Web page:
Police were led to a taxi driver’s killer from the call he made ordering the cab from a North Side McDonald’s, his gun, surveillance footage and a pack of Newport cigarettes he left in the back seat, authorities said Friday.

Lamon Weathers was allegedly captured on camera pulling out a gun and shooting 58-year-old Kamil Shamji on the right side of the head late Sunday night in the 4400 block of North Leavitt.

After killing Shamji, Weathers could be seen reaching into the front area of the cab, pulling open the center console and turning off the ignition, which turns off the surveillance cameras, Assistant Cook County State’s Attorney Jamie Santini said.

But what Weathers didn’t realize was that the SIM card of surveillance camera was still in the cab, according to police, who called footage of the murder “fairly shocking.”

Shamji, of Skokie, was discovered Monday morning, slumped over the driver seat of his cab, just behind the Sulzer Regional Library.

“You pose a threat and danger to everybody in this city who goes and walks around,” Judge Adam Bourgeois Jr. told 19-year-old Weathers before ordering him held without bond.

Weathers responded to the judge’s scolding with kind words to all those in court.

“All of y’all have a nice day. Drive safe. Bless y’all,” said Weathers, who is a ward of the state.

Ahmed Kassam, 56, a city cab driver for 22 years and a friend of Shamji’s, said Weathers’ arrest brought a measure of relief to the victim’s family as they prepare to bury him this weekend.

“I was relieved,” Kassam said. “I was glad that, finally, the culprit has been found. CPD has done a very good job.”

Shamji’s brother was taken aback by the alleged shooter’s young age.

“I was surprised that a 19-year-old kid could this … without any feeling, nothing,” Shams Shamji said.

On Sunday night, at 10:48 p.m. Weathers called Flash Cab from his cellphone and requested to be picked up at the McDonald’s at 6749 N. Clark, and be driven to 4453 North Lincoln, Santini said.

Weathers, who was captured on the McDonald’s surveillance footage making the calls wearing a black jacket with multiple zippers, was picked up two minutes later, Santini said.

Weathers was also caught on the cab cameras entering the cab with the same distinctive jacket, Santini said.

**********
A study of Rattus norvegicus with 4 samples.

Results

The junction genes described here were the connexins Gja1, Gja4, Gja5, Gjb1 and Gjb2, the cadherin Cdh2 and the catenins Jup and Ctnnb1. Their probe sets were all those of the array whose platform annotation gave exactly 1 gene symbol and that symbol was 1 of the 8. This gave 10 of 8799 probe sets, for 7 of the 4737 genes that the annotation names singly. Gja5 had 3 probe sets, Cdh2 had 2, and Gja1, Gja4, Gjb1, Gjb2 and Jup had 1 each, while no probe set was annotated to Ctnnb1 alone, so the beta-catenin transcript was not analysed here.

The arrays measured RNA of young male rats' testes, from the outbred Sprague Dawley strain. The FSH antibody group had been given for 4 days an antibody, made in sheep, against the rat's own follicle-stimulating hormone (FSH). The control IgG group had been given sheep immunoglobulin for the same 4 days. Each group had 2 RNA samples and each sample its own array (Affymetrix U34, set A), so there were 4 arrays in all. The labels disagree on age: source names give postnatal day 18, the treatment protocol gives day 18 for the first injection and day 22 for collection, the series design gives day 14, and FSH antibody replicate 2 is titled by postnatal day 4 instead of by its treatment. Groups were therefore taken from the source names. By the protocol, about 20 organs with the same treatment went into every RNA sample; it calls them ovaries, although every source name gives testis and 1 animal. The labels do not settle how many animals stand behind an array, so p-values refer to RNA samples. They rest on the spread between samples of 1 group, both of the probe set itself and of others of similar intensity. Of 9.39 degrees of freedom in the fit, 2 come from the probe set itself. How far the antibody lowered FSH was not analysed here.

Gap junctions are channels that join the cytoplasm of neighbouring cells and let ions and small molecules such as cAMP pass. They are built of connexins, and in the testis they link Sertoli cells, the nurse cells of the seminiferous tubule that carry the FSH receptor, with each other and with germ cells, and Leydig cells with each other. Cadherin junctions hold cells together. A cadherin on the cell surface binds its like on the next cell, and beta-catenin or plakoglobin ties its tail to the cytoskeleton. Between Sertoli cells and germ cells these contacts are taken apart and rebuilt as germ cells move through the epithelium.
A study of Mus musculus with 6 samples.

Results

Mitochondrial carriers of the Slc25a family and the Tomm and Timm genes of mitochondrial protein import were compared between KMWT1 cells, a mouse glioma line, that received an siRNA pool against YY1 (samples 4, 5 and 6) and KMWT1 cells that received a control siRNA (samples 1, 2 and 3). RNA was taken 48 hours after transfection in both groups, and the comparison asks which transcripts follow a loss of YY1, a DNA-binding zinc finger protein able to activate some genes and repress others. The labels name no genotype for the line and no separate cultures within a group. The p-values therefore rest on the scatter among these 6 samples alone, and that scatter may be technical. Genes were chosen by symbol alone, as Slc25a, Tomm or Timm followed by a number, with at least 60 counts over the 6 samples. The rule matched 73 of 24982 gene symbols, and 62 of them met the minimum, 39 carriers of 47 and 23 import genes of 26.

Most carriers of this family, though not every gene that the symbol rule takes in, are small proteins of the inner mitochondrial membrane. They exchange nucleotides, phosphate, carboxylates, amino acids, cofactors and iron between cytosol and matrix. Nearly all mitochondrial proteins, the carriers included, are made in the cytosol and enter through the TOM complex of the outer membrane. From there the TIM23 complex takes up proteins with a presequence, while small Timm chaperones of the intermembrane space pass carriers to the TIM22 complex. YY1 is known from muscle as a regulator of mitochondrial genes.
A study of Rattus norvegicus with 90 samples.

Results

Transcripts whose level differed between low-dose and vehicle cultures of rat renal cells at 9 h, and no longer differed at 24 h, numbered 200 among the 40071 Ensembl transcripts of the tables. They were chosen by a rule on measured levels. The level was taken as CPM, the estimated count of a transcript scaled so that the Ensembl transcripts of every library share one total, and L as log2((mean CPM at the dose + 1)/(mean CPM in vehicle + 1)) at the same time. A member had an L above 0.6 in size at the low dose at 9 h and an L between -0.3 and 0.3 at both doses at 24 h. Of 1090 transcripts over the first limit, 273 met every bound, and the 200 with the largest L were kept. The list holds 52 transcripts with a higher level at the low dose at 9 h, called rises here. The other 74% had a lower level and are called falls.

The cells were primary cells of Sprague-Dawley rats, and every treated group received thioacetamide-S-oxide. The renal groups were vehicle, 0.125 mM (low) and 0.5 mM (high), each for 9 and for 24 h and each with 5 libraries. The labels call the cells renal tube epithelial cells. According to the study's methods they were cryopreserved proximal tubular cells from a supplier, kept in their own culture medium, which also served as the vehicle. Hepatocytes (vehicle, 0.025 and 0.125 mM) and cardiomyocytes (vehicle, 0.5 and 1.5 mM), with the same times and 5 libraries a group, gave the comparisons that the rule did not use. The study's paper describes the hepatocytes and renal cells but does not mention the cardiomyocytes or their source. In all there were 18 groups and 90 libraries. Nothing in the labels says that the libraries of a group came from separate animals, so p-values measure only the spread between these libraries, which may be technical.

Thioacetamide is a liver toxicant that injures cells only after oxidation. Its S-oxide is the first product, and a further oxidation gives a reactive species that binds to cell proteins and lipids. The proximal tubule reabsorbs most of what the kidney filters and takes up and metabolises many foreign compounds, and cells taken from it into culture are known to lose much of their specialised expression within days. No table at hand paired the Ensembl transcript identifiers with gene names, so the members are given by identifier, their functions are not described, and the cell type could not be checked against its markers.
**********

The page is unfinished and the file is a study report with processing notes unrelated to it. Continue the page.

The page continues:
When Kamil Shamji pulled over on North Leavitt, Weathers allegedly fired. The cab could be seen on video rolling forward before coming to a stop on the curb.

In addition to the in-cab surveillance cameras, a tablet and cellphone were also taken from the taxi, Santini said.

Police recovered .32-caliber shell casings and bullets from the cab. They also found a pack of cigarettes that had Weathers’ fingerprint, Santini said.

Weathers, of the 2000 block of West Arthur, was arrested on Wednesday at a Metra platform in Joliet wearing the same coat from the day of the murder, Santini said.

At the time of his arrest, Weathers allegedly had a .32-caliber gun.

Preliminary forensic testing reveals that the shell casings from Kamil Shamji’s cab were fired from Weathers’ weapon, Santini said.

Weathers has several previous juvenile convictions for making a false report, domestic battery, destruction of evidence, obstruction and aggravated battery to an official.

Weathers has been a ward of the state for the last two years, according to Assistant Public Defender Margaret Domin,

He completed 11th grade and recently interviewed for a job at Five Guys Burgers and Fries, Domin said. Weather has a 2-year-old daughter who lives with her mom in Florida.

Earlier in the week, the cab driver’s union pointed to the shooting to underscore the danger all taxi drivers face.

“Kamil Shamji’s murder … reminds us all of the almost constant danger cab drivers put themselves in every day when they go to work. Serving every corner of Chicago, their visibility allows them to serve residents and visitors, but at the same time, it makes for easy targets,” according to a statement posted on the Cab Drivers United website.

Kamil Shamji had been a cab driver for 35 years, the last 20 for Flash Cab. The union demanded the city address the violence against cab drivers.

“A simple preventative measure such as silent alarm linked to GPS, that would dispatch the nearest CPD squad car, would give Chicago’s cab drivers the backup they need should they be placed in a dangerous situation with a potentially violent passenger.”